Cardiology: Deep vein thrombosis (DVT) and Pulmonary Embolism (PE )

Deep vein thrombosis (DVT) and Pulmonary Embolism (PE ) Revision Notes
deep vein thromnus

DVT is a clot in the veins. They can occur in any vein, although they are much more likely in the veins of the pelvis and legs. On their own, they are not particularly significant, however, they are dangerous because they can embolise, and cause a pulmonary embolism – these can be fatal.
-          Stasis/immobility – e.g. hospital bed, long flight
-          Dehydration
-          Oestrogen (pregnancy, and to a lesser extent, the COC pill)
-          Genetic clotting defect (e.g. lack of protein C)
-          Obesity (atherosclerosis)
-          Age (old)
-          Varicose veins
-          Surgery
-          Previous DVT/embolism
-          Trauma
-          Infection
-          Malignancy
Virchow’s triad of risk factors:
-          Stasis
-          Hypercoagulability
-          Vessel wall injury
Signs / symptoms
-          Red, swollen leg (particularly calf)
-          Tenderness
-          Pitting oedema
-          Fever
This is often made clinically, using the Well’s score. this is a list of risk factors, worth 1 point each. (see page tow for furthur details)
-          Score >3 – Treat as DVT – and also perform a compression USS to confirm
-          Score 1-2 – Treat as DVT – and perform compression USS to confirm
-          Score 0 – do a D-dimer test. If negative, then unlikely to be DVT. If positive, Treat as DVT, and perform compression USS.
-          Ruptured Baker’s cyst
-          Cellulitis
-          Lymphadenopathy
A clot develops at a sight of damage to a vessel wall (e.g. an atherosclerotic plaque, or perhaps a site of trauma). This can impair venous drainage of the leg. Clots below the knee will rarely embolise, but above the knee, they are far more dangerous. They will often spontaneously resolve over time, however, they are usually treated to reduce the risk of embolism.
-          If they appear in a superficial vein, then they do not embolise, and can be left to resolve, you just have to raise the leg.
-          Venography – this is the gold standard test. A radio-opaque dye is injected into the foot, and then you can see if it is blocked off as it travels up the leg
-          D-dimer – a negative test rules out DVT, but a positive test does not diagnose DVT. D-dimer is a breakdown product of fibrin, and can be released by many things, including MI, malignancy, pregnancy, inflammation, stroke, infract, trauma, and is often raised post-operatively.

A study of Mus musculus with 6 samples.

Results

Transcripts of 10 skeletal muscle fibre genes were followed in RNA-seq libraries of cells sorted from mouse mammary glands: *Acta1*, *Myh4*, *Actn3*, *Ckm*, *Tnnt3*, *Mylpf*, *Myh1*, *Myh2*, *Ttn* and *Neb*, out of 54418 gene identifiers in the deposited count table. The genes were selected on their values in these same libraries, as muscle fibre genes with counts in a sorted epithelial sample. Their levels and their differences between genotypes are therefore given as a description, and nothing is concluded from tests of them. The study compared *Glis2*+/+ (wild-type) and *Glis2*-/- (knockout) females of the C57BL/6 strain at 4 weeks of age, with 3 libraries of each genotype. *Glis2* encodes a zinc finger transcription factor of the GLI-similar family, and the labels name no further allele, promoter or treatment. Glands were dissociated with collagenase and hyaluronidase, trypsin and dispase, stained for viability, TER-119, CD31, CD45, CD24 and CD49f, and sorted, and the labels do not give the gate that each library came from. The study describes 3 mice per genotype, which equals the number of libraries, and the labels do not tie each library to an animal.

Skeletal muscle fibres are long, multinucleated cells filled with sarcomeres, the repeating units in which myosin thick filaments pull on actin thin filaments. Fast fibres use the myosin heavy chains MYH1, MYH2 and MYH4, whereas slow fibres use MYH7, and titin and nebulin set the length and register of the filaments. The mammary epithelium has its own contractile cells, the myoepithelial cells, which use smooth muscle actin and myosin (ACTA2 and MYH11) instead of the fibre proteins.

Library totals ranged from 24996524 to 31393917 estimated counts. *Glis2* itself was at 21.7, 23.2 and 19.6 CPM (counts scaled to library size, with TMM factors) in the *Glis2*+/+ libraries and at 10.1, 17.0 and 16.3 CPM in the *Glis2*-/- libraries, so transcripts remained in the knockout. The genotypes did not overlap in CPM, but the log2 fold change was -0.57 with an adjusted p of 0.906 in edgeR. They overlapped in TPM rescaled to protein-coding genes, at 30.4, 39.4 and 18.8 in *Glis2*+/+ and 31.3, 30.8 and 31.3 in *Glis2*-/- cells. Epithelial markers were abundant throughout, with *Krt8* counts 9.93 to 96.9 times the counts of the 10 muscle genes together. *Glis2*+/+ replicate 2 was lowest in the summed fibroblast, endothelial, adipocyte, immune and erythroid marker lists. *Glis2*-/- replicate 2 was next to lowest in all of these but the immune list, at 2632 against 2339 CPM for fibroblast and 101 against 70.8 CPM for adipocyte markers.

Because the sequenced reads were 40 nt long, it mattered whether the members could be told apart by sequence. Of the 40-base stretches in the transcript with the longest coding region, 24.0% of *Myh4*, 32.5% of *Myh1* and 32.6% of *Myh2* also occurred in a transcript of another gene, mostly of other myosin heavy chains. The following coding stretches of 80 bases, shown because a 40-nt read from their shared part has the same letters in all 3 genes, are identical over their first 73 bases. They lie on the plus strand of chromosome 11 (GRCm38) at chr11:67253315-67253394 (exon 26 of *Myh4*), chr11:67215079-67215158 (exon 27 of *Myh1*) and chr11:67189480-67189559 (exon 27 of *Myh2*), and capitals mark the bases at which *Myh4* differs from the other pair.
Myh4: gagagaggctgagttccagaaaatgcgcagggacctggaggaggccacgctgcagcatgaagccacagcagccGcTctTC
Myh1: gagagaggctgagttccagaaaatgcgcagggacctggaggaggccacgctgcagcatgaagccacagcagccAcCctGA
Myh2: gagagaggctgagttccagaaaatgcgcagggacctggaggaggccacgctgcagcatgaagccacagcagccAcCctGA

-          Leg measurement – you should measure the diameter of the calf at the same point on each leg, usually 10cm below the tibial tuberosity. If the difference between legs is >3cm this is significant for DVT.
-          USS – has about 90% sensitivity above the knee, but only 50% sensitivity for DVT below the knee. This is the test most often performed as it is cheap and reasonably reliable; and along with clinical factors, is all that is needed for diagnosis.
The aim is to prevent embolism
-          LMWH – this is usually started as soon as the diagnosis is made, and is normally continued for a minimum of 5 days. It is usually stopped when the INR is in the target range (2-3)
-          Warfarin – also started at the same time as heparin, but warfarin actually increases coagulability in the first few days of use; hence the use of heparin initially. Warfarin is continued for:
o   6 months if it is the first DVT
o   3 months if it is the first DVT and occurred post operatively
o   Indefinately if it is a recurrent DVT or if there is a genetic clotting disorder, or if there are other large risk factors. 
Thrombolysis may be used if the PE is termed 'massive'
Paradoxical Embolism
This is basically an embolism that goes through a defect in the heart, and goes on to cause a stroke. The clot passes from a vain to an artery, through some sort of ‘fistula’ – usually a cardiac defect
For example, a DVT could embolise, and travel to the heart. This might in a normal individual, cause a PE. But in the case of a paradoxical embolism it will travel through a defect in the heart from the right side to the left side, and thus miss out the pulmonary circulation. It is then free to travel through the arterial circulation, until it reaches an artery that is so small it cannot travel down it, and thus causes an ischaemic blockage.
-          They will often travel to the brain, and cause a stroke.
These account for about 2% of arterial emboli.